News: The Sumatran rhino has become extinct in Malaysia following the death of its last captive individual. In 2015 they were declared extinct in the wild in Malaysia.
About Sumatran Rhino
- The Sumatran rhino is the smallest and last form of the Two-horned hairy rhinos.
- Geographical Range: After it has become extinct in Malaysia, only four areas in Indonesia are known to contain Sumatran rhinoceros: Bukit Barisan Selatan National Park, Gunung Leuser National Park, and Way Kambas National Park on Sumatra; and on Indonesian Borneo west of Samarindah
New Delhi Declaration on Asian Rhinos 2019
- Under the declaration India will collaborate with Bhutan, Nepal, Indonesia and Malaysia for conservation and protection of three Asian rhino species-
|Greater one-horned rhinoceros||Vulnerable|
|Javan rhinoceros||Critically Endangered|
|Sumatran Rhinoceros||Critically Endangered|
Rhino Conservation in India:
- India is home to the Great Indian One horned Rhinoceros. There are about 2,600 rhinos in India, with more than 90% of the population concentrated in Assam’s Kaziranga National Park. Outside Kaziranga, rhinos are found in West Bengal, Uttar Pradesh and Bihar.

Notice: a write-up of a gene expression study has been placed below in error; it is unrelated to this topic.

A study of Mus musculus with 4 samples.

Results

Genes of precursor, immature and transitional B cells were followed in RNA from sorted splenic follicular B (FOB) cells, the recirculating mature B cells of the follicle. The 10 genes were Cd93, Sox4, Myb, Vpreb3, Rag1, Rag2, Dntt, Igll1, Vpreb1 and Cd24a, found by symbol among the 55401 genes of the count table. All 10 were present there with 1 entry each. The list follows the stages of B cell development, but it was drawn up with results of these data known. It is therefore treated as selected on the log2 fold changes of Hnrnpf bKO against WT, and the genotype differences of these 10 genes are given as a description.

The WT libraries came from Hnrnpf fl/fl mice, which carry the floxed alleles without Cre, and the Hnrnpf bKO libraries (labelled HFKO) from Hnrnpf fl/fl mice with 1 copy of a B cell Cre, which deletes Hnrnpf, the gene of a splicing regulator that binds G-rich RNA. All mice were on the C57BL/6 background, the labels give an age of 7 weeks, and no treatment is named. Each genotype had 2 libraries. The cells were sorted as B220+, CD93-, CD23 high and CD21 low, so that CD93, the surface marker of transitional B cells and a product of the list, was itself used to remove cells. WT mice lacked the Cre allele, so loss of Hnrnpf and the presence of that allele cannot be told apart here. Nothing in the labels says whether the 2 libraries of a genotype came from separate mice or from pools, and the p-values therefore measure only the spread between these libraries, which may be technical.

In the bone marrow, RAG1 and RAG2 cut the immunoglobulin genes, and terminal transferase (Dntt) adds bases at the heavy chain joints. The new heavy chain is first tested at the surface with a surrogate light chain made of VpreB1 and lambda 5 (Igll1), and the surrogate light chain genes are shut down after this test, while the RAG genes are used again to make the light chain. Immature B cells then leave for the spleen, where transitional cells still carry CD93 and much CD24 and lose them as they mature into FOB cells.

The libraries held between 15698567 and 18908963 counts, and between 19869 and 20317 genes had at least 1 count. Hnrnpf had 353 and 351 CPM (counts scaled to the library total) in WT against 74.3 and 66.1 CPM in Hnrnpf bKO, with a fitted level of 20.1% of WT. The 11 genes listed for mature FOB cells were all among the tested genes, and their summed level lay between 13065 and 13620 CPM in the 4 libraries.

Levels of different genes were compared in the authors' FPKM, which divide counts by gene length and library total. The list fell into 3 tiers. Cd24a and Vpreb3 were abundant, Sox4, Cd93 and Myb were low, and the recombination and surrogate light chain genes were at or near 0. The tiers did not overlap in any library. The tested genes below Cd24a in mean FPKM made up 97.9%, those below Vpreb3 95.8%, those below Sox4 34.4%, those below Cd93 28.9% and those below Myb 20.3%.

National Rhino Conservation Strategy for India
- It was launched by the Ministry of Environment, Forest and Climate Change in 2019.
- It focuses on:
- strengthening protection,
- expanding present distribution range by at least 5%, research on rhinos in India,
- active Indo- Nepal and Indo- Bhutan trans-boundary engagement, and
- Use of wildlife forensics for controlling poaching and illegal trade in rhino parts and products.
Indian Rhino Vision (IRV) 2020 programme
- It was launched in 2005 to protect and increase the population of the one-horned rhinoceros.
- The programme was launched by Assam Forest Department in partnership with WWF-India, the International Rhino Foundation and US Fish & Wildlife Service.
- It aims to attain a wild population of at least 3,000 greater one-horned rhinos spread over seven protected areas in Assam by the year 2020.